June 24, 2012

Ready for College, Ready for Career

The Alliance for Excellent Education argues for career and technical education in high school

The Alliance for Excellent Education is just one of many organizations dedicated to improving the nation’s schools. But like a lot of organizations focusing on school reform and college and career readiness for students, the Alliance generally flies under the radar of most parents.

That's because the organization’s policy and advocacy efforts target decision makers; their work highlights how school transformations can help every child—particularly those at risk of failing to graduate—prepare “for postsecondary learning and success in life.” That is not to say the Alliance doesn’t have relevance for parents. The organization routinely publishes resources intended to help parents advocate for better schools in their local communities. This includes a helpful list of the 10 “elements of a successful high school.

In a recently released policy brief, the Alliance argues that the nation’s high schools need to better integrate career and technical education, work-based learning, and academics. According to the brief, doing so will help boost student achievement and give kids a broader set of options for college and career. Bob Wise, president of the Alliance and former governor of West Virginia, notes that such integration is especially needed in today’s economy.

“When delivered properly, career and technical education keeps students engaged in their schoolwork, offers real-life relevancy through connections to the workforce, and, when combined with a college-prep curriculum...provides the academic rigor students need to succeed in additional education after high school—a must in today’s economy.”
   Bob Wise, Alliance for
   Excellent Education

The recommendation comes as Congress considers reauthorizing the Perkins Act, which represents the nation’s largest federal investment in career and technical education. In April 2012, Secretary of Education Arne Duncan proposed a plan for reauthorization that would better match career and technical education with current labor needs; promote collaboration across industry and education; improve academic outcomes; and allow for local level innovations in work-based education programs.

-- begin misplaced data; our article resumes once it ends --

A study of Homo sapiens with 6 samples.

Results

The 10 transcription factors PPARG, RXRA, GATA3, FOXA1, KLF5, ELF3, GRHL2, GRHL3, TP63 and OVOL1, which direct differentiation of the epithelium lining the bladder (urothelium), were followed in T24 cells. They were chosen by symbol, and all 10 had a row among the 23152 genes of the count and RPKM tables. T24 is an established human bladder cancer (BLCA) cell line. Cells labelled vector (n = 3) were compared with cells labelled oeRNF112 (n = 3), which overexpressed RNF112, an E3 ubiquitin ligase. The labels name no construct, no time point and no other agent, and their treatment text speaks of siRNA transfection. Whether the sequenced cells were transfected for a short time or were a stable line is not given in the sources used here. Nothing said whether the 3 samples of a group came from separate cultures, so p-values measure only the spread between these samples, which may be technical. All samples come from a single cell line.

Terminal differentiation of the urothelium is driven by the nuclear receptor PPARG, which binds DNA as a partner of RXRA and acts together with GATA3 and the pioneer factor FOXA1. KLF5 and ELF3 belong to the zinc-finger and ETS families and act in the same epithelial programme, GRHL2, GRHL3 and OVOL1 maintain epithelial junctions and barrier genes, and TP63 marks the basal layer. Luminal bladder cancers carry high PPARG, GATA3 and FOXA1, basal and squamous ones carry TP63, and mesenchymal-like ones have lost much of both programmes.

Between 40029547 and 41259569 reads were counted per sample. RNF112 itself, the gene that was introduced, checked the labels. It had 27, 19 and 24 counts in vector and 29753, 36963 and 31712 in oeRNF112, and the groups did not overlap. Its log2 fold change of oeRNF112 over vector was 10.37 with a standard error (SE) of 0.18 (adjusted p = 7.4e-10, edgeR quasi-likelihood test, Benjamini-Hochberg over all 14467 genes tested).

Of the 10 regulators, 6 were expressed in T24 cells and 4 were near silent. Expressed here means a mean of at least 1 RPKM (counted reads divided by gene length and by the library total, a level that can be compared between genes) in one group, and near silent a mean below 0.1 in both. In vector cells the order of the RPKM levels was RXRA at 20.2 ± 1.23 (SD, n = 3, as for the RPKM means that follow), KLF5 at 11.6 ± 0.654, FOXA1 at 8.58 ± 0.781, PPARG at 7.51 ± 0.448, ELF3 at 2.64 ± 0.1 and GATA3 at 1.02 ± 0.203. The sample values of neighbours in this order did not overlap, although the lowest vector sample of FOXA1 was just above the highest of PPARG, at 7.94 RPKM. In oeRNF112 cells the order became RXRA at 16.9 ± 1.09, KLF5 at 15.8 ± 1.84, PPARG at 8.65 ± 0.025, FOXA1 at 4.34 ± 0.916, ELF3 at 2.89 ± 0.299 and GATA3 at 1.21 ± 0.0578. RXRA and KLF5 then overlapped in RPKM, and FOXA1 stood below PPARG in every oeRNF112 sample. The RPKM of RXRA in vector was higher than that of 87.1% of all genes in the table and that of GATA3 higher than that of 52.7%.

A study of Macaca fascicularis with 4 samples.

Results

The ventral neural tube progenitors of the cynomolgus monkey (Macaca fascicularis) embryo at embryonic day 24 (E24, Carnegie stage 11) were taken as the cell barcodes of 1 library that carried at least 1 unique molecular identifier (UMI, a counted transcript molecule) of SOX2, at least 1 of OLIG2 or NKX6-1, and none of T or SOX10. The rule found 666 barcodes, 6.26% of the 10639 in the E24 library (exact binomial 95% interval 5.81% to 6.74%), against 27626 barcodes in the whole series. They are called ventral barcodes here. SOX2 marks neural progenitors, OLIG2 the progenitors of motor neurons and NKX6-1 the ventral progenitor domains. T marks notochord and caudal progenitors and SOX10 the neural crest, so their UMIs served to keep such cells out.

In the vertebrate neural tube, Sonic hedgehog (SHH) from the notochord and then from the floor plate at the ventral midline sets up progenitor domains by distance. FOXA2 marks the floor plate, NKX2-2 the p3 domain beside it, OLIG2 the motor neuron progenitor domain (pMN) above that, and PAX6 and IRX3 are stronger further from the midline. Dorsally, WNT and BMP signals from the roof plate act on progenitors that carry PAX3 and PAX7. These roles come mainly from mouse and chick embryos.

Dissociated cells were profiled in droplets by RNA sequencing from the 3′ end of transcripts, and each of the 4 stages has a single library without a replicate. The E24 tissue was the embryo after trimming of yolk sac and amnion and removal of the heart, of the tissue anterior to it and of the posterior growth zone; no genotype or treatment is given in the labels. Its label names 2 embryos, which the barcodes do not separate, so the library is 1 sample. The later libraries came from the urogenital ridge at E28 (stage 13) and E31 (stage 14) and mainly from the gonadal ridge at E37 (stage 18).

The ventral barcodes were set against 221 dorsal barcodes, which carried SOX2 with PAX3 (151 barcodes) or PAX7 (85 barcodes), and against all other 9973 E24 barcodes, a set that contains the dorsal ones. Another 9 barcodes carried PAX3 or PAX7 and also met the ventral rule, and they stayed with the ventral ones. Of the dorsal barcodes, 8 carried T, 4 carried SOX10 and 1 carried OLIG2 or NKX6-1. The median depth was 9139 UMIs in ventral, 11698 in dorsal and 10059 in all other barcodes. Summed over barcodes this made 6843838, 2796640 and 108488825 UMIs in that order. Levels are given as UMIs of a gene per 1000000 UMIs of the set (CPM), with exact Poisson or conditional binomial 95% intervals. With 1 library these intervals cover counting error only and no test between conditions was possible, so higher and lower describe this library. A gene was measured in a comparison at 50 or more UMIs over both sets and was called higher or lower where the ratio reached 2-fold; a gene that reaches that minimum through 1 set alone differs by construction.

According to the Alliance, programs that integrate academic content with technical education can benefit students from a range of backgrounds. They can also help drive education reform at a time when college and career readiness need to be more deeply ingrained in high school learning. As they argue, reauthorization of the Perkins Act should align with the Workforce Investment Act, which supports local adult and youth services that emphasize basic skills, enable academic and occupational training, and give exposure to the job market. The Perkins Act should also better align with the Elementary and Secondary Education Act, known lately as No Child Left Behind. Alignment with these federal programs would help ensure “that all relevant federal policies and programs are focused on ensuring that all students have the opportunity to graduate from high school ready for college and a career.”

Readying students for life after high school is of increasing focus for educators, administrators, and policymakers, particularly given the nation’s surging dropout rate and ongoing challenges in the economy and job market. As recently as February, the unemployment rate for high school dropouts stood at 13.1 percent, compared to 8.4 percent for high school graduates. The rate for college graduates was just 4.2 percent at the time.

“American students often leave high school unprepared for the immediate challenges they face in college and the workplace," according to the Alliance. One way to change that is to make the real world relevance of their schoolwork clear. Research has shown that students tend to feel more connected to what they’re learning when they’re able to apply related skills in the process. The Alliance for Excellent Education argues that career and technical education shouldn’t be separate and distinct from other high school programs. They’re not alone. The recently adopted and soon-to-be implemented Common Core State Standards in English Language Arts and Mathematics also highlight the need for skill building across subjects to support college and career readiness goals. The Alliance applauds that step, but also notes that such programs should include rigorous coursework aligned to college expectations; education themes for in-demand industries; work-based learning; and comprehensive support services.

A number of schools are beginning to implement programs that do all that, including those in California that support the Linked Learning approach. That's a start. As Wise puts it, efforts like California’s Linked Learning help “to eliminate the gap between what students learn in the classroom and what they learn on the job. The end results are high school graduates who are better prepared to succeed in college and a career and employers who are more satisfied with their workers."